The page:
Jacob Fred Jazz Odyssey: Symbiosis Osmosis
Jacob Fred Jazz Odyssey
How can you not love these guys? Actually, it's not that hard if you're a fan of Kenny G or George W. Bush. Jacob Fred Jazz Odyssey's Symbiosis Osmosis opens with a song dedicated to the president called "Dubya! Stop Lying!" It's followed by another that pianist Brian Haasa recent co-founder of "The Dead Kenny Gs"introduces as "We're Not Scared Of You Because We Believe In Karma And We Know You're Lying."
This trio has spent more than a decade cranking out intellectual jam band music with attitude. They've languished mostly in relative obscurity, but released a breakthough-quality album in 2004's Walking With Giants. Things take a couple of major turns on Symbiosis Osmosis , recorded live during two "early morning" festival sets and featuring a quartet of guest saxophonists.
It's at times an overly cluttered performance that catches the group at less than its best, which might lead one to ask why it's worth checking out, especially with numerous live performances readily available from their site and other web pages. Here's two reasons: 1) because of that generosity, and 2) even as an off album for the group, it still beats most modern jammers.
The opening features a brief clash of madness before launching into a beat-heavy simplistic beep riff and rambling lead line. So far, nothing a bunch of chord crunchers can't do. But Haas supplies much of the bottom end and Reed Mathis, who's been turning the concept of a bassist on its head for years, delivers the high-pitched lead line through an synthesized tone shifter, coming across as something between a trumpet and keyboardist. It feels like the quintessential 2005 protest songa rather definite statement of JFJO's being ahead of its time as these concerts were performed in 2002-03.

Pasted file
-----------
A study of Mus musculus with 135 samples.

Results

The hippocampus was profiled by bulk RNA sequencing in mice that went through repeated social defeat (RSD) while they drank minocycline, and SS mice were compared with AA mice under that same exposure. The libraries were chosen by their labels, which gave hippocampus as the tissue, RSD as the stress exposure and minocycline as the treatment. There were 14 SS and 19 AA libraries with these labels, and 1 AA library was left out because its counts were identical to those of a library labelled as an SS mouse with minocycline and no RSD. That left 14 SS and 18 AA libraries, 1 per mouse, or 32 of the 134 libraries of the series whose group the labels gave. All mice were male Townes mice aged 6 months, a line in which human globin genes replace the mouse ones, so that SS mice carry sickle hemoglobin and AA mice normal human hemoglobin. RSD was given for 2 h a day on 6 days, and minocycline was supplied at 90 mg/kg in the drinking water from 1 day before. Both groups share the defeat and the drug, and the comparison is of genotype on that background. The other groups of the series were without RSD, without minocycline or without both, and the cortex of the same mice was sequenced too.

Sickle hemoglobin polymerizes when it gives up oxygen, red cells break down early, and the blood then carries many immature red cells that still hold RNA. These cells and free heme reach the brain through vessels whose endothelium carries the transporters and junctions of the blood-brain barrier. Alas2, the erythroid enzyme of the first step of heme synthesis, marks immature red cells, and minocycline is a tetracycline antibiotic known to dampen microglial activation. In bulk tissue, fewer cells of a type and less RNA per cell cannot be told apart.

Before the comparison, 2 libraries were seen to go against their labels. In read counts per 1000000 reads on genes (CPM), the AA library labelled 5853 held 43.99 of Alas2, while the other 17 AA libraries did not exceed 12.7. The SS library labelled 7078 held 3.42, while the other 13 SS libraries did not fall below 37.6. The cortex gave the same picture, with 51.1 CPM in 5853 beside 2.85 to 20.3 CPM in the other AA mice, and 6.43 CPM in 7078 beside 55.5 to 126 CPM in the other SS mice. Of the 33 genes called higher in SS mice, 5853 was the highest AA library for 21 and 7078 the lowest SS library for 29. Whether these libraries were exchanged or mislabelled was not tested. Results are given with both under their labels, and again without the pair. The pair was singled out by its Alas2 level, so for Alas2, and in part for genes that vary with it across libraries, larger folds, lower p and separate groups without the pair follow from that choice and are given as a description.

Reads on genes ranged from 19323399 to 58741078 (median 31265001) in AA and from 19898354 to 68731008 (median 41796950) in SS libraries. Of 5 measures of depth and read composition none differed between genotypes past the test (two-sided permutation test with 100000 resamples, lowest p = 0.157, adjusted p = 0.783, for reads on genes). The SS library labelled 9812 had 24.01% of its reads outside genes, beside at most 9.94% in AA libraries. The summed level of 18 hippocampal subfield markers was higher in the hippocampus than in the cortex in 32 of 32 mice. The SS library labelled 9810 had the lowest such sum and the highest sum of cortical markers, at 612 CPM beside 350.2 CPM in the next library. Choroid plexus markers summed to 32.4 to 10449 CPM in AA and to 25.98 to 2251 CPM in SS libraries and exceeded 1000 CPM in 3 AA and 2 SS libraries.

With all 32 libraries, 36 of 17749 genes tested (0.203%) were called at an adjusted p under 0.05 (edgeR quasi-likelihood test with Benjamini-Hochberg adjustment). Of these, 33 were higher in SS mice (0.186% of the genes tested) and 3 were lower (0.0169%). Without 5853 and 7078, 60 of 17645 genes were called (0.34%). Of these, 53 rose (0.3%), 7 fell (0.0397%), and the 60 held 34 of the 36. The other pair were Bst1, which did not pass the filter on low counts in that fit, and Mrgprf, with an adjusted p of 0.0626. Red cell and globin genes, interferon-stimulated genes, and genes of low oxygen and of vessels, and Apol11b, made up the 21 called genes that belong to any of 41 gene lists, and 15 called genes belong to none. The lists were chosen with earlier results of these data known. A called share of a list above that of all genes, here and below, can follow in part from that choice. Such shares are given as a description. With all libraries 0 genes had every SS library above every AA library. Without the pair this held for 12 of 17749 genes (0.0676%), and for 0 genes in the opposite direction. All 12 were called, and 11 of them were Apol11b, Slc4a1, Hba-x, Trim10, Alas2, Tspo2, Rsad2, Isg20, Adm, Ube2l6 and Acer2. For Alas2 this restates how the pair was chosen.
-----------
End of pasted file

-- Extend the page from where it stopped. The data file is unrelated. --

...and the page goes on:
If the entire album consisted of songs like these and the three that follow, including the odd swing/metal/trance of "Stride," this would rank as a decent effort falling a bit short of recent studio releases. But the ten-part "Improvisation With Four Saxophones" is overly cloyingalthough some doubtless will consider it a highlight.
Part of the problem is the thicker collage from seven players instead of three, since the base trio tends to do so much that just keeping up is a challenge. But it's also a product of the live setting, where overly repetitive horn fills and various Keith Jarrett-like hollers might play well with the crowd, but not the group's intellectual strengths.
There's too much talent for this to be a wasted effort, however. The first improvisation centers around intense hard bop beat, one sax usually standing out at a time with quality traditional passages while the remaining players dance around them. Their play is similarly impressive on the more fusion-oriented sixth part. Haas and Mathis get plenty of turns to occupy the foreground and almost always do so in a variety of creative ways. Strangely, drummer Jason Smart provides the stabilizing presence with fairly consistent, but suitably complex, backing.
Give JFJO credit for trying new things and not merely a search for the current "hot" sound. There's also nothing wrong with them cutting loose with extra players; it just makes for an album recommended as a change of pace for fans rather than those looking to get acquainted with the band.
Tracks: Dubya! Stop Lying!; We Believe In Karma; Son Of Jah; Stride; Improvisation With Four Saxophones (parts 1-10); Introductions.
Personnel: Brian Haas, piano; Reed Mathis, bass; Jason Smart, drums. Guest saxophonists include Skerik, Mark Southerland, Brad Houser and Frank Catalano.
Visit Jacob Fred Jazz Odyssey on the web.